With inflation steadily ramping up its pressure on state residents, many citizens are now re-tightening their wallets once again in preparation for the uncertain future. The 2020-2021 Nevada Small Business Development Center client survey reveals the on-going struggles business owners in Nevada are still facing.
40.1 percent of surveyed participants report experiencing a negative impact on staffing, while 72.2 percent reported having negative impacts on their supply chains. 62.3 percent of participants also report still experiencing issues related to COVID-19 two years after the start of the global pandemic. The survey highlights the industries most severely affected by supply chain and COVID-related issues: accommodation, restaurants, manufacturing, professional services and science/technical services. Staffing issues were mainly experienced by the industries of administrative services, waste management, professional, technical and science services, as well as accommodation and food service.
The U.S. Census Bureau recently released its report on new business formations for the month of May 2022. A total of 420,586 new startup businesses were reported across the nation for the month, with 91,657 of those applications being filed in our corner of the West. From December 2020 through December 2021, Nevada saw 418,884 small business applications, an increase of 20.5 percent from the previous year, which would suggest businesses are booming, however, 2022 has seen a slowing of small business trends. While the year began steady with a 2.3 percent increase in new business applications for the month of January, the preceding months have seen those numbers plateau and fluctuate. February and March saw a collective 3 percent decrease, with a slight 1.8 percent bump back up in April before falling back down 0.6 percent in May. The state regularly sees about 340 residents per 100,000 start a new small business, though only 47.5 percent remain in business after five years.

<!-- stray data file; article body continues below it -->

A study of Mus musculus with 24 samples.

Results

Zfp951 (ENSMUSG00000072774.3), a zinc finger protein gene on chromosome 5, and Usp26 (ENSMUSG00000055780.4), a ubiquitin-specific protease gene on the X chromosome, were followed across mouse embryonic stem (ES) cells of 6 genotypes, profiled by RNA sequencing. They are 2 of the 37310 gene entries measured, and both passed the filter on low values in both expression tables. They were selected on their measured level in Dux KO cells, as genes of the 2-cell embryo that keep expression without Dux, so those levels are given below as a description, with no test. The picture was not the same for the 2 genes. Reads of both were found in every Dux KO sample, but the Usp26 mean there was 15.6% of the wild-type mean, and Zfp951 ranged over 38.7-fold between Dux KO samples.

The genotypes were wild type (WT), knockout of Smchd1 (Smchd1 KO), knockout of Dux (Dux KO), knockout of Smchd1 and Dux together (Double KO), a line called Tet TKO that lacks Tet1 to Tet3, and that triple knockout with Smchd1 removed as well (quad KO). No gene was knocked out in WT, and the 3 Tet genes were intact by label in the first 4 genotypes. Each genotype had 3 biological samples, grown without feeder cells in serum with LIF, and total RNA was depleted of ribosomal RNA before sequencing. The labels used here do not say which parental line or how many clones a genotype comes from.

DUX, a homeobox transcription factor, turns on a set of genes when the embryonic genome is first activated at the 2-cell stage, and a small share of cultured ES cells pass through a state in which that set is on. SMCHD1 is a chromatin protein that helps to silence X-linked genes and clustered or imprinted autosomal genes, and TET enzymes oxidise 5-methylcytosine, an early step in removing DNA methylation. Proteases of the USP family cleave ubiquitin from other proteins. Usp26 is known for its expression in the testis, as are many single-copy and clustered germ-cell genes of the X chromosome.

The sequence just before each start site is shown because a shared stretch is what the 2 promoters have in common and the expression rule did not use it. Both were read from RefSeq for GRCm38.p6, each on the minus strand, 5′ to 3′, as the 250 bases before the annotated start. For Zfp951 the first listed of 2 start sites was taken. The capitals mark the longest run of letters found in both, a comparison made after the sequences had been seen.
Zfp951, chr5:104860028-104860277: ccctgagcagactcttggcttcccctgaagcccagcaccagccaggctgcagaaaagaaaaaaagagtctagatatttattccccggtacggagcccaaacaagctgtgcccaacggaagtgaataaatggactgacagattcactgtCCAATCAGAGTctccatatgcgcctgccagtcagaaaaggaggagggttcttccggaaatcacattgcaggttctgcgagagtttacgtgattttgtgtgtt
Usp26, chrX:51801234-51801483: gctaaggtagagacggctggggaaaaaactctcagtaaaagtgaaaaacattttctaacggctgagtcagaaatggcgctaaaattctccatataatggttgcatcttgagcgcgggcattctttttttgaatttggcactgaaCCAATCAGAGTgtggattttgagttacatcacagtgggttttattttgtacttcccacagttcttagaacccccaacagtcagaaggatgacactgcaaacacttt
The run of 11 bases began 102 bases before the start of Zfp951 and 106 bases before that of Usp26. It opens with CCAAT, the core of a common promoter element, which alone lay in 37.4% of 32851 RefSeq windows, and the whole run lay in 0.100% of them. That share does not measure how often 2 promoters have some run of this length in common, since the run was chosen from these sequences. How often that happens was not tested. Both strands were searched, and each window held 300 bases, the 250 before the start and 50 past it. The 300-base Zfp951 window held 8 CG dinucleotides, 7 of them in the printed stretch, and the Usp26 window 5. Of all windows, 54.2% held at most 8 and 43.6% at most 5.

Nevada is home to 270,000 small businesses, with over 480,000 employees, representing over 40 percent of Nevada workers. 99.2 percent of Nevada businesses are defined as small businesses with fewer than 500 employees. According to the Bureau of Labor Market Information and Strategic Initiatives, over the past two years, Nevada has ranked 10th in small business revenue growth.
Six months ago Governor Steve Sisolak launched the Small Business Connector center in North Las Vegas, a one-stop shop inside City Hall for small businesses to receive support and funding. He has also been adamant in several grant programs aimed at helping small business owners still recovering from the COVID-19 pandemic, particularly those owned by people of color, stating, “When we support our small businesses and entrepreneurs, we all win. We’ll continue making Nevada a hub for start-ups to create new high-paying jobs and grow our economy.” Nevada’s future will depend on how our leadership handles the continuing troubles while making sure our small businesses are fully protected and supported going forward.